The United Nations Security Council (UNSC) adopted a resolution on Wednesday demanding a cessation of violence in Myanmar and urging the release of political prisoners by the military regime.
The resolution, initially proposed by the United Kingdom, also called for a de-escalation of tensions in Myanmar and affirmed the United Nations’ support for a peace process implemented by the Association of Southeast Asian Nations (ASEAN).
Among the UNSC’s 15 current members, there were 12 votes in favour of adopting the resolution and three abstentions. India, a non-permanent UNSC member, joined permanent members Russia and China in abstaining.
Russia and China have long resisted efforts by other UNSC members to promote democratic reform or address political conditions in Myanmar. As far back as 2007, both vetoed a draft resolution that would have supported measures for ensuring democratic freedoms and freeing political prisoners in the country.
During negotiations on the newly adopted resolution, both Russia and China opposed the inclusion of language invoking Chapter VII of the United Nations (UN) Charter, concerning acts of aggression. With this language omitted, the final resolution leaves the UN with fewer options for implementation and enforcement.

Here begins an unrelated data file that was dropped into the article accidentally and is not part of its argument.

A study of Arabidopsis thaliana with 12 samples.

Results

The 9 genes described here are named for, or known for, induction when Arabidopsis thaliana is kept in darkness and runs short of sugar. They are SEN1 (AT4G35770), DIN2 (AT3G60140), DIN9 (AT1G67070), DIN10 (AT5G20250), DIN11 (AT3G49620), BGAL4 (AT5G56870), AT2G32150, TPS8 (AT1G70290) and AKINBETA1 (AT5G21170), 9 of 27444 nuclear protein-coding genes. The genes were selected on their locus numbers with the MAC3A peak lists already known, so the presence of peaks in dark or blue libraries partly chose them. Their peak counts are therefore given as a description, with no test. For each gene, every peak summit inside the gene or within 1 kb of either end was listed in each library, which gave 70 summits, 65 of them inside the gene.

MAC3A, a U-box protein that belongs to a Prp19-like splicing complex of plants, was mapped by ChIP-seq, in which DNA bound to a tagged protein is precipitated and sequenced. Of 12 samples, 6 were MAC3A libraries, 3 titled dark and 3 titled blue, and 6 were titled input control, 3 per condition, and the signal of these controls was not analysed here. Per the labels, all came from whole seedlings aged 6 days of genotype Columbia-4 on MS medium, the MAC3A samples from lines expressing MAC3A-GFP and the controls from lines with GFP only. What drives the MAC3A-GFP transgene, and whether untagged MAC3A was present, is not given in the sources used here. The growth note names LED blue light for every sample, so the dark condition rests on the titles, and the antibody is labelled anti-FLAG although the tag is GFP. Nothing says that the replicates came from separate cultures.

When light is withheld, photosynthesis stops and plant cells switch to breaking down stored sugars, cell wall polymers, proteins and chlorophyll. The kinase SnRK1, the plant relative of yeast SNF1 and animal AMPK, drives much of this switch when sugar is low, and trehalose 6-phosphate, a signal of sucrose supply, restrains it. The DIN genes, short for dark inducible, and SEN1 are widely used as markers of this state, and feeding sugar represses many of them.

Critics decried the insufficiency of the resolution, calling for stronger action against the junta by the international community.
Khin Ohmar, chair of the pro-democracy organisation Progressive Voice, expressed strong disappointment at the UNSC’s failure to commit to more substantive measures against the Myanmar regime’s atrocities. She specifically denounced support for the ASEAN peace process as ineffectual in a statement on the organisation’s website.
“The junta has demonstrated its total disdain and non-compliance of the ASEAN’s failed Five Point Consensus,” Ohmar wrote. “Further reporting on the implementation of the Five Point Consensus will not yield any improvements for the people on the ground.”
“We call on UN member states to immediately take action to cut the supply of arms to the Myanmar military and impose targeted sanctions against the military, its businesses and business partners, including a ban on aviation fuel, which it needs for its indiscriminate airstrikes,” she added.
Ohmar’s appeals echoed recommendations made in a November 3 report by human rights advocacy organisation Amnesty International, which detailed how sanctions had failed to stop the international supply of jet fuel enabling the junta’s frequent attacks on civilians.
Former United States Congressman and United Nations (UN) Special Rapporteur Tom Andrews also emphasised the need for further action, writing in a public Twitter post that the resolution in itself would do little to stop the military’s abuses.
“Today’s resolution should not become a dead-end that is followed by more international inaction. It should be a wake-up call for all nations and people of conscience who support a people under siege. A wake-up call to action,” he wrote.